What is a root canal? Underneath your tooth’s outer enamel and within the dentin is an area of soft tissue called the pulp tissue. While a tooth’s pulp tissue does contain nerve fibers, it is also composed of arteries, veins, lymph vessels, and connective tissue. Each tooth’s nerve enters the tooth at the very tip of its roots. From there, the nerve runs through the center of the root in small “root canals,” which join up with the tooth’s pulp chamber.
Why do I feel pain? When the pulp becomes infected or inflamed due to a deep cavity or fracture, the blood supply to the tooth may be lost and the tooth pulp may die. Damaged or dead pulp causes increased blood flow and activity in the tooth’s cells. Pressure may build within a tooth that cannot be relieved, causing pain that is commonly felt when biting down, chewing, or consuming hot or cold foods and drinks.
Why might I need treatment? Without treatment, the infection will spread and bone around the tooth will begin to degenerate, possibly causing the tooth to fall out. Pain usually worsens until you are forced to seek dental attention.
What is root canal therapy? Root canal therapy is a procedure that removes damaged or dead pulp. The canal is reshaped and filled with gutta percha, a rubber-like material, to prevent recontamination of the tooth. The tooth is then permanently sealed.
What is involved in root canal therapy? If your general dentist recommends a root canal, he or she will perform the treatment or refer you for treatment to an endodontist, which is a specialist who treats injuries, diseases, and infections of the tooth pulp.
A space is created into the tooth’s pulp chamber, which, along with any infected root canal, is cleaned of all diseased pulp and reshaped. Medication may be inserted into the area to fight bacteria. Depending on the condition of the tooth, the crown may then be sealed temporarily to guard against recontamination or the dentist may immediately fill the canals.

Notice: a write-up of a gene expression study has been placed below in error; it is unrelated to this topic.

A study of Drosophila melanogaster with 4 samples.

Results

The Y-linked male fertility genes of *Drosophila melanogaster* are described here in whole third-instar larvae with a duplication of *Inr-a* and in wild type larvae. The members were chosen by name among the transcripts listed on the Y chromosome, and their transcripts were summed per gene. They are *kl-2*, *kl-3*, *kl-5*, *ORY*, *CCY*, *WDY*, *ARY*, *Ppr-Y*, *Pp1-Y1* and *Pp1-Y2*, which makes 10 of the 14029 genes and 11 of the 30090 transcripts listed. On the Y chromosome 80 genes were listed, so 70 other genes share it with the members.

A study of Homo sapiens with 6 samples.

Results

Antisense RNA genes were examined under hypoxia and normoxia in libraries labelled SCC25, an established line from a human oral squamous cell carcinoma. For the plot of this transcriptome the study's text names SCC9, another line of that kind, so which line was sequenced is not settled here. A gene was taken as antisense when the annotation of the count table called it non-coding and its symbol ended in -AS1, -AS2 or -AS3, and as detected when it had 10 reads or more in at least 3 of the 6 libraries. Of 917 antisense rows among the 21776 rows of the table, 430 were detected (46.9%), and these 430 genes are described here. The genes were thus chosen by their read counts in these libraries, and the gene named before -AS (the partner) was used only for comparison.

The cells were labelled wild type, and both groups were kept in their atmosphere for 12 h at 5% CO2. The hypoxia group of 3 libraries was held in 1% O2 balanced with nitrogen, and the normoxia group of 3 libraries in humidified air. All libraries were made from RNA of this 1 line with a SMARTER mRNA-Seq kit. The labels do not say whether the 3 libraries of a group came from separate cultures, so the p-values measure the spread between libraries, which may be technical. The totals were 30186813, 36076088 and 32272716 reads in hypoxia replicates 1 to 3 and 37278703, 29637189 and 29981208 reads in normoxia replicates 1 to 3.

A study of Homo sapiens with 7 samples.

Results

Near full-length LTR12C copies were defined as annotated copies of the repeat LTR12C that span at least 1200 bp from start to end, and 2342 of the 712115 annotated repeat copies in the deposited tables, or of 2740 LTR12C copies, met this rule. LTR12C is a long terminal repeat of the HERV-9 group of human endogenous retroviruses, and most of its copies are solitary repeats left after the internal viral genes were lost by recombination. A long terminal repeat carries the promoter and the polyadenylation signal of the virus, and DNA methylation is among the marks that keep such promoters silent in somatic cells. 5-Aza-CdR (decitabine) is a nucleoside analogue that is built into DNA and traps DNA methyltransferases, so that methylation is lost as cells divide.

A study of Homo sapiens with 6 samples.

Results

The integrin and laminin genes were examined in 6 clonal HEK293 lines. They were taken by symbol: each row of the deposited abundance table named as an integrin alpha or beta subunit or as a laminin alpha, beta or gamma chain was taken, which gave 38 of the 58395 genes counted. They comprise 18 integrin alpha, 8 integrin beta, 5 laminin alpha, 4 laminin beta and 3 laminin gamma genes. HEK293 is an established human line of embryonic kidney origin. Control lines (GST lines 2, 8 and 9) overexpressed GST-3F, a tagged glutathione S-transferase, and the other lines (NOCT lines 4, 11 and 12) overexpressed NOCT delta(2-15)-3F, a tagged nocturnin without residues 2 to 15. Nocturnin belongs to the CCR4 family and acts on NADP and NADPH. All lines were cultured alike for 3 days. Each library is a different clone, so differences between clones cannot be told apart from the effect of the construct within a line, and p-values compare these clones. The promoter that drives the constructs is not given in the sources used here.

Temporary fillings are usually removed and the pulp chamber and canals are filled on the next visit. If the tooth is still weak, a post may be inserted above the canal filling to help rebuild the tooth. Once filled, the area is permanently sealed. Finally, a gold or porcelain crown is normally placed over the tooth to strengthen its structure and improve is appearance.
How will I feel after treatment? There may be some inflammation around the gum tissues, which may cause discomfort for a few days. This can be controlled by an over-the-counter pain reliever. A follow-up visit to your dentist will help him or her review how the tissue is healing. From this point on, brush and floss regularly, avoid chewing hard foods on the treated tooth, and see your dentist on a regular basis for cleanings and examinations.
Are there options to root canal therapy? The only alternative to root canal therapy is to extract the tooth; however, this alone can cause the surrounding teeth to move, resulting in a bad bite. Though a simple extraction may be perceived as less expensive, the empty space left behind will require an implant or a bridge, which ultimately can be more costly than root canal therapy.